Alessandra Tarantino/The Associated Press

Italy’s vaccine bookings have soared since last week, when the Italian government broke ranks with the rest of Europe by insisting that all employees show a COVID-19 health pass or face suspension from work.

Over the weekend, the Italian government’s vaccine czar, Francesco Paolo Figliuolo, said that reservations on Saturday for the first dose of the vaccine were up 35 per cent over a week earlier. “On a national level, there was a generalized increase in bookings for the first dose of between 20 per cent and 40 per cent,” he said.

The vaccine rush is coming a few days after the government made it mandatory, effective Oct. 15, for the country’s entire work force – public and private – to show proof of vaccination, recent recovery from infection, or a recent negative test.


The Vatican announced on Monday that the Green Pass will be required for all visitors.

The Green Pass, in effect, is a national vaccine mandate designed to make life for the unvaccinated intolerable. To get around the vaccine requirement, employees who have never been infected would need a COVID-19 test every 48 hours. Such tests are no longer free in Italy. The rapid tests done by pharmacies cost €15 or more. The more accurate PCR tests are at least double that price.

Until now, vaccines were only mandatory for medical workers, and the Green Pass rule was in place only for teachers and other school employees.

The Italian government is gambling there will be no vaccine backlash, or only a minor one. While there is ample vaccine hesitancy in Italy – the far-right populist parties call mandatory vaccines an attack on liberty – it is not as high as in France and a few other European Union countries. Italians are used to vaccines. Those for measles, hepatitis B, polio and tetanus, among other diseases, are compulsory.

For the most part, Italians have embraced the COVID-19 vaccines; after a slow start earlier this year, the country has one of the highest vaccination rates in the world, matching Canada’s. About 74 per cent of the over-12s are fully vaccinated, though the rate in some regions, such as Sicily, is relatively low. About 3.5 million Italians over age 50 have yet to be vaccinated.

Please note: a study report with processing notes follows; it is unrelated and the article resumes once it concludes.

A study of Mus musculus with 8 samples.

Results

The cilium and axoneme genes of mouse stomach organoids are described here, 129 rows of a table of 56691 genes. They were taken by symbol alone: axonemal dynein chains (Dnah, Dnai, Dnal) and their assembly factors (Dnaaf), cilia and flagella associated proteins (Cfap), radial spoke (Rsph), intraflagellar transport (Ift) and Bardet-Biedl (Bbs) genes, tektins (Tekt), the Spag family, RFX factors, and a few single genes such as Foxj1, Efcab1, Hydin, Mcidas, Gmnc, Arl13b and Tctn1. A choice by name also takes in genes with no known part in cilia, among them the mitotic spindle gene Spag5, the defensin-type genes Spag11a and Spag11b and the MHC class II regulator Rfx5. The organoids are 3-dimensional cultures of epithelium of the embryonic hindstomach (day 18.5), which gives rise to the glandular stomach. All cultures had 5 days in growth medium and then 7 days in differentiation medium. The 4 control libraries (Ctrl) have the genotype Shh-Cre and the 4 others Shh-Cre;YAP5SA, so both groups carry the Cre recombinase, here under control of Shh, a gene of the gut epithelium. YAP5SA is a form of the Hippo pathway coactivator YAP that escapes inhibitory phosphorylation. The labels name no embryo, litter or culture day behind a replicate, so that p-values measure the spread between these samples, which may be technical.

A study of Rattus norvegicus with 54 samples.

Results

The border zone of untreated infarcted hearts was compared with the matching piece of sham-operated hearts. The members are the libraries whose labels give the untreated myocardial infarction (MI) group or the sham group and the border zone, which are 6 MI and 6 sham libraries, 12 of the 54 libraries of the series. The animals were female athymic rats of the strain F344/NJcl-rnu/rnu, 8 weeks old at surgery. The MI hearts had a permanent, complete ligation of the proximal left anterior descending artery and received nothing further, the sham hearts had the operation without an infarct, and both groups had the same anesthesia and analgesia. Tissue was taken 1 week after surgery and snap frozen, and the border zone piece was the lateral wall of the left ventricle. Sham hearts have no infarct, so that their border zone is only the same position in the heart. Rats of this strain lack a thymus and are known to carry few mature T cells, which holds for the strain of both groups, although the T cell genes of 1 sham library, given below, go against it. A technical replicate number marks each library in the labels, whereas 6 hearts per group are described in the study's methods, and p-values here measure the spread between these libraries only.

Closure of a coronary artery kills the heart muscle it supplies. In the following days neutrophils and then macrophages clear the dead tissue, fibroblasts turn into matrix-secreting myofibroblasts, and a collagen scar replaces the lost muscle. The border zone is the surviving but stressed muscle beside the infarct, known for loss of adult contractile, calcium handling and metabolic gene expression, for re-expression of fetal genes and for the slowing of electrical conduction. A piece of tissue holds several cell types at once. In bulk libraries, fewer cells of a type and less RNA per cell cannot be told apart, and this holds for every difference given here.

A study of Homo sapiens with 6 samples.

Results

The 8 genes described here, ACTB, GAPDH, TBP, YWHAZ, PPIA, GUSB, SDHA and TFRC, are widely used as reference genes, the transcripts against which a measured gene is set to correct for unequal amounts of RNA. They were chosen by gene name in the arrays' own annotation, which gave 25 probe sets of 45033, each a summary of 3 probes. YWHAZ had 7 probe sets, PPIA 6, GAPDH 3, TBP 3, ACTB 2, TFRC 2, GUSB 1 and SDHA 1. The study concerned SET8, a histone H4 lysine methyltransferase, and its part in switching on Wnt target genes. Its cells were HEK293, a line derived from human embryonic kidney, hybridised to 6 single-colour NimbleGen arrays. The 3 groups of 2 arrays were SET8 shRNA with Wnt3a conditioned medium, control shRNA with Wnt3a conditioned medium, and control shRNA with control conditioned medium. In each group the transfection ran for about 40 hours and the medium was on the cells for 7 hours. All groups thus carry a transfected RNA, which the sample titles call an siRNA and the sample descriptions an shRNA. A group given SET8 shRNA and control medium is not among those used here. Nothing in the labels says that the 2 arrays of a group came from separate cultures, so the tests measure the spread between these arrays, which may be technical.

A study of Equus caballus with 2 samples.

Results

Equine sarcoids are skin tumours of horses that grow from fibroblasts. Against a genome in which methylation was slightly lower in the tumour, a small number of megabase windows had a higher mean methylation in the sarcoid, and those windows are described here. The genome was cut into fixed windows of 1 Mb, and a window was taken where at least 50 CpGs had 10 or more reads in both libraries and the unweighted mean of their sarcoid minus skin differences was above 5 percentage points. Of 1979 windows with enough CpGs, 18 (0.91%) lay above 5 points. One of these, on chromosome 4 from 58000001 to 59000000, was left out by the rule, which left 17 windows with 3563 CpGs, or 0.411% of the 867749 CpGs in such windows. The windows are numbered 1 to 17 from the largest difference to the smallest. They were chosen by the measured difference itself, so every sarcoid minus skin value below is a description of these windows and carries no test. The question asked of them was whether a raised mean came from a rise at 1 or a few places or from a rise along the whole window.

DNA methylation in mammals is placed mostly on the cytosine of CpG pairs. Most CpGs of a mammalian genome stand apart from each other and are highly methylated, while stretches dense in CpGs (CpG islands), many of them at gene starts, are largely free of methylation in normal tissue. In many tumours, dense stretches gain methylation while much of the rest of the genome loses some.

Italy’s goal is to reach 80 per cent by the end of September and keep going. “I don’t know if we can speak of herd immunity, but we need 90 per cent vaccinated to keep the virus under control,” Mr. Figliuolo said.


According to the Civil Protection department, 130,310 Italians have died of COVID-19 since the first lockdowns in February, 2020. That’s the second-highest in Europe, after the U.K. Some 4.6 million Italians have been infected.

While new cases are well off their spring peaks, they began climbing again in July as the highly infectious Delta variant took over. On Sunday, Italy reported 3,838 new cases. Health officials fear that the school reopenings this month will push up the infection rate and fill the intensive-care units.

This week, Italy starts its campaign to administer third doses to high-risk people, such as cancer victims and transplant recipients.

Italy’s move to make vaccines effectively mandatory for all employees is designed to avoid more restrictions, and possibly lockdowns, and build on the economic gains of the past year. The pandemic pushed the G7 country into deep recession in 2020. This year, Italy’s economy is expected to expand by 5.9 per cent but will not reach prepandemic output until the first half of 2022, according to the Organization for Economic Co-operation and Development.